Relief Fund for the Indian Art Sector
Updated: Jun 19
The Next 6-8 Months Critical for Indian Arts Sector to Survive and a Fund to Help Indian Artists Needs be Set-up
Half Step Rock Founder, Ajay Chanam, shared the frame with other media professionals on June 10th 2020, at a webinar organised by Indian Institute of Entrepreneurship discussing the future of Media & Entertainment post COVID World and highlighted the need to first protect the already vulnerable Artists community in India, living hand-to-mouth even before COVID, and now in a critical stage with all events and performances in the country cancelled.
He further added, “While the pandemic has impacted everything, everyone in the system isn’t equally vulnerable and we need prioritize our relief activities towards the most vulnerable first — the artist community, especially the independent artists, who depend on live performances, shoots and project-based work for paying their bills which have all come to a grinding halt in the last 2 months with most activities showing no signs of return to normalcy anytime soon. While the world will come out of the pandemic in the next 6-8 months, this short time frame is capable of inflicting irreparable loss to India’s already vulnerable talent pool if not supported financially. Directly. By putting money into their pockets.”
Abhijit Sharma, Director Indian Institute of Entrepreneurship, speaking exclusively to Half Step Rock on the subject said, “Artists and musicians bring out the child in a man and make him see and feel life in its varied forms. It inspires people and takes them to higher levels. Bhupen Hazarika, very aptly puts it in one of his songs; “while a world might think that a singer is apparently a useless person, he paints a wonderful hue in the sky blazing with glory so as to inspire the society and he spreads happiness around.” So it is impossible to view a world with no creative arts. But we are moving toward such an event, with the COVID-19 bringing in a large crisis for the people involved in the creative arts, like music, entertainment etc. We need the world of music, entertainment and creative arts to survive, in order to wash away from our soul, the dust of everyday life. The industry also provides jobs to a large number of people. I, therefore, appeal to the government, to build up a fund to take care of the people in the creative arts, who have been affected severely due to this crisis.”
New Zealand has already announced a $175 million fund to save thousands of jobs in the arts sector, hit twice as hard compared to other industries during the COVID crisis. Similarly, the Australian Government also announced a $27million relief package to arts sector, putting policies and development programs in place, enabling the music community to last and recover. London based Musicians’ Union Launched a £1 million ($1.1 million) 'Coronavirus Hardship Fund', early this year, for UK musicians that already lost nearly £14M in live earnings. A UK based charity ‘Help Musicians’ set up to support musicians for their household expenses and other living costs is now running out of cash and is urging the Government to act if musicians are to have any hope of surviving financially over the next few months, in the country.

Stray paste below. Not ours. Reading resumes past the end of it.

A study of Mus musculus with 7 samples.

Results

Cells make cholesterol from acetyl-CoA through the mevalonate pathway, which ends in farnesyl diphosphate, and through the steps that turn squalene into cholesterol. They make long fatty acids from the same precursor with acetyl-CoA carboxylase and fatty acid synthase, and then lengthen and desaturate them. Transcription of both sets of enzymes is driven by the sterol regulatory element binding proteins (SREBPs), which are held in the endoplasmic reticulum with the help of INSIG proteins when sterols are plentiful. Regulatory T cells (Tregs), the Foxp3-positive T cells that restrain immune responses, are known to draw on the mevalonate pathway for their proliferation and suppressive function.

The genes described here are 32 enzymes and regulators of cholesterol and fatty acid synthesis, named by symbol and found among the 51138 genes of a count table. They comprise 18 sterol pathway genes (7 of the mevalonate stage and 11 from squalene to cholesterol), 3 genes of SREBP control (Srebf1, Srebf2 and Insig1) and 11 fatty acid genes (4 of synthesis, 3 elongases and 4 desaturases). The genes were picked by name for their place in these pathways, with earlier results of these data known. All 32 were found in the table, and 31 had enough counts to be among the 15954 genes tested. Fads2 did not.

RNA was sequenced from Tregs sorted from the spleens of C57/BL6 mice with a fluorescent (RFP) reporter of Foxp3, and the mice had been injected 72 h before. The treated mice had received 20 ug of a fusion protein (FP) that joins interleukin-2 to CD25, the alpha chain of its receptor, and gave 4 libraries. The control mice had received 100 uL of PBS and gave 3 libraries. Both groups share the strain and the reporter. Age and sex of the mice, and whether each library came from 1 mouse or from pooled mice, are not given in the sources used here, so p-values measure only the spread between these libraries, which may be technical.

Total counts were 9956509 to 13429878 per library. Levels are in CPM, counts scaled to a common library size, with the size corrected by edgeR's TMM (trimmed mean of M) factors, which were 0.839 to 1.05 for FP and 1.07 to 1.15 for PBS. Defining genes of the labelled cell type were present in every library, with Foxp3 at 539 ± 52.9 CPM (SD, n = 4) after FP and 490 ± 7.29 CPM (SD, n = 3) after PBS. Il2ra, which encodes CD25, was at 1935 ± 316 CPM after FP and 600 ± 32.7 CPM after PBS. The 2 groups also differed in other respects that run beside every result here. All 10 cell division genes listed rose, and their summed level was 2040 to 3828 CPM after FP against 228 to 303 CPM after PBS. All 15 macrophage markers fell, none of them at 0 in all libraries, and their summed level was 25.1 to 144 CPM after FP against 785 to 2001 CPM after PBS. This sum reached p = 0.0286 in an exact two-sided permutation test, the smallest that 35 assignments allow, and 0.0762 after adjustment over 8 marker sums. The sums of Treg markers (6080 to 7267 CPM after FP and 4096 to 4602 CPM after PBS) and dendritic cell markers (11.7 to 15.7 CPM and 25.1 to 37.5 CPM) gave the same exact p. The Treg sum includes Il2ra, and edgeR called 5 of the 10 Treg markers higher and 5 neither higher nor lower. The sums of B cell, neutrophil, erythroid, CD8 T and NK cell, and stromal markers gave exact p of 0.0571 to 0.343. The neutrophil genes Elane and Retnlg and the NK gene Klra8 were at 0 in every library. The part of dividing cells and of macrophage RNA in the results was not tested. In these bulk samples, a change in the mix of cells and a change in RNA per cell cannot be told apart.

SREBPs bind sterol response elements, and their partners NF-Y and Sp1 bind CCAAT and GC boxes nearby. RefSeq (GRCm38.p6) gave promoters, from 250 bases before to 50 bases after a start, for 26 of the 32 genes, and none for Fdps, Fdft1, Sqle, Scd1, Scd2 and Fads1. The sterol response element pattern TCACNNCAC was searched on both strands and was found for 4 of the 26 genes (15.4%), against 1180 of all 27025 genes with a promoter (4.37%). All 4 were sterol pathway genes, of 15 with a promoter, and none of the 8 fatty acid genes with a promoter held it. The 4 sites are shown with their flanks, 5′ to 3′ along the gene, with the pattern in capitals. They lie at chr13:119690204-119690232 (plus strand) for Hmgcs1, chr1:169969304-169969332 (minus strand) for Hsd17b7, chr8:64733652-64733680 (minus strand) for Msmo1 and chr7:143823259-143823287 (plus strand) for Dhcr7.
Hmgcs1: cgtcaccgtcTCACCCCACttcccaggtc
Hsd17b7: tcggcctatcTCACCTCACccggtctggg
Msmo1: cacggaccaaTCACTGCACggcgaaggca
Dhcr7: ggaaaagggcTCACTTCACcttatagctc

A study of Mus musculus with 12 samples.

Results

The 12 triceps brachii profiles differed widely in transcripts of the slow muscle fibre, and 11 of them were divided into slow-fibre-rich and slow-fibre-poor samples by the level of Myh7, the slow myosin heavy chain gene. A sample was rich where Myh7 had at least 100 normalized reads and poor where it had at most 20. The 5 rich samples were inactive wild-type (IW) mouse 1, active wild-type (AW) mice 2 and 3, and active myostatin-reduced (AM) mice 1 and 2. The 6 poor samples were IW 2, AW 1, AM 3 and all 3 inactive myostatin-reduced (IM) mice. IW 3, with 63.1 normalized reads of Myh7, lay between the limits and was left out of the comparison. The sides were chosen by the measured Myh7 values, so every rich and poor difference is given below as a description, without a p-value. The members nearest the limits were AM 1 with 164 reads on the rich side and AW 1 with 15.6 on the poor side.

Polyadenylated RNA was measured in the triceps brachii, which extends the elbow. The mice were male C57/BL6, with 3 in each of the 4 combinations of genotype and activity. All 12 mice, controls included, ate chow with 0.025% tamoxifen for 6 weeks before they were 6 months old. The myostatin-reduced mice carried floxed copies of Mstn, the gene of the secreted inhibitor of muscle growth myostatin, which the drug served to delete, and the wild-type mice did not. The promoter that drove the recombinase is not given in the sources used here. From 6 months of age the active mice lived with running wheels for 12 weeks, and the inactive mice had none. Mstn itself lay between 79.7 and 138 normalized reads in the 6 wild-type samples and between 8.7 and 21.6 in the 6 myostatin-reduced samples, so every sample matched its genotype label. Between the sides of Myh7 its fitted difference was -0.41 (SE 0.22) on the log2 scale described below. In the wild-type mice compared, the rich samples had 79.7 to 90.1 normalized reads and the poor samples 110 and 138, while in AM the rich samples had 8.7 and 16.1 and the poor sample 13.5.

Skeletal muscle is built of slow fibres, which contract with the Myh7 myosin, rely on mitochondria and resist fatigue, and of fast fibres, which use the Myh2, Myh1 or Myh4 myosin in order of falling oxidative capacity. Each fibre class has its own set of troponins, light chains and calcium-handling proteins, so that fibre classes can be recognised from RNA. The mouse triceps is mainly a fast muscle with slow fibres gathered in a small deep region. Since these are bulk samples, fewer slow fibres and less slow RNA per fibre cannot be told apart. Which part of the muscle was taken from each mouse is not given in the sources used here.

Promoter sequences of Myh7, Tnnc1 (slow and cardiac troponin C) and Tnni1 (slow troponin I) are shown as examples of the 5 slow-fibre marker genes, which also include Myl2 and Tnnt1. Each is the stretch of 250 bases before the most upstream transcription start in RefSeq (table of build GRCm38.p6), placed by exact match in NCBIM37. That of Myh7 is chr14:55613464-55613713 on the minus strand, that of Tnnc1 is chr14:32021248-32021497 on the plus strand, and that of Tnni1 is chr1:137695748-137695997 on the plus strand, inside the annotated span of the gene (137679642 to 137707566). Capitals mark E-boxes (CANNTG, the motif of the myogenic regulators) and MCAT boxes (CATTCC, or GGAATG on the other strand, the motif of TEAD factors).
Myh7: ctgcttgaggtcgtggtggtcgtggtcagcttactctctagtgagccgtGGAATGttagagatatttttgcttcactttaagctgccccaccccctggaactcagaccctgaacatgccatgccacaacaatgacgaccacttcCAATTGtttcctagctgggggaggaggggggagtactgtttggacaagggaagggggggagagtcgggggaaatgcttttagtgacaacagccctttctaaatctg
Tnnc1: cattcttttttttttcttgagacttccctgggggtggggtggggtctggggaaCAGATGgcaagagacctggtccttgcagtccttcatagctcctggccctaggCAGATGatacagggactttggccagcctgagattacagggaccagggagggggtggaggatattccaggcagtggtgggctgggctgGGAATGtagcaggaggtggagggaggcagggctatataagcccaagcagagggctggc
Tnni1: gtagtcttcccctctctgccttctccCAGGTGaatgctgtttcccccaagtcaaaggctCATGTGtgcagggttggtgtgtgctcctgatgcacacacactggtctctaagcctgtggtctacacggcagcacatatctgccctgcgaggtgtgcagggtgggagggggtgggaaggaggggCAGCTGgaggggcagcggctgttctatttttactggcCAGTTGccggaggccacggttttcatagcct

Music streaming giant Spotify, has donated to multiple organizations raising funds to help musicians across countries a sum of $10 million, so far. In March 2020, U.S. $2.2 trillion coronavirus relief package was passed with several provisions to help music workers stay afloat. However, a Freelancers Union poll survey indicates that 84% of music freelancers are still waiting on coronavirus relief funds, in the U.S. IFPI along with other music organisations, recently urged the Member States and the European Commission to “take a stance and significantly increase the national and EU budgets dedicated to culture, and within that to music.”
The Government and Music Industry in India can come together to setup websites or platforms like ‘I Lost My Gig’ wherein artists from all over the country can voluntarily submit their losses due to cancelled events, and depending on the numbers collated, raise funds to pay them a percentage of their loss, helping them survive the next 6 months.
It is imperative we face the ground reality before it’s too late – the number is glaring, suffering is real and many that contribute to the $280 million live music industry in India, are yet to receive any help while struck by the ongoing pandemic.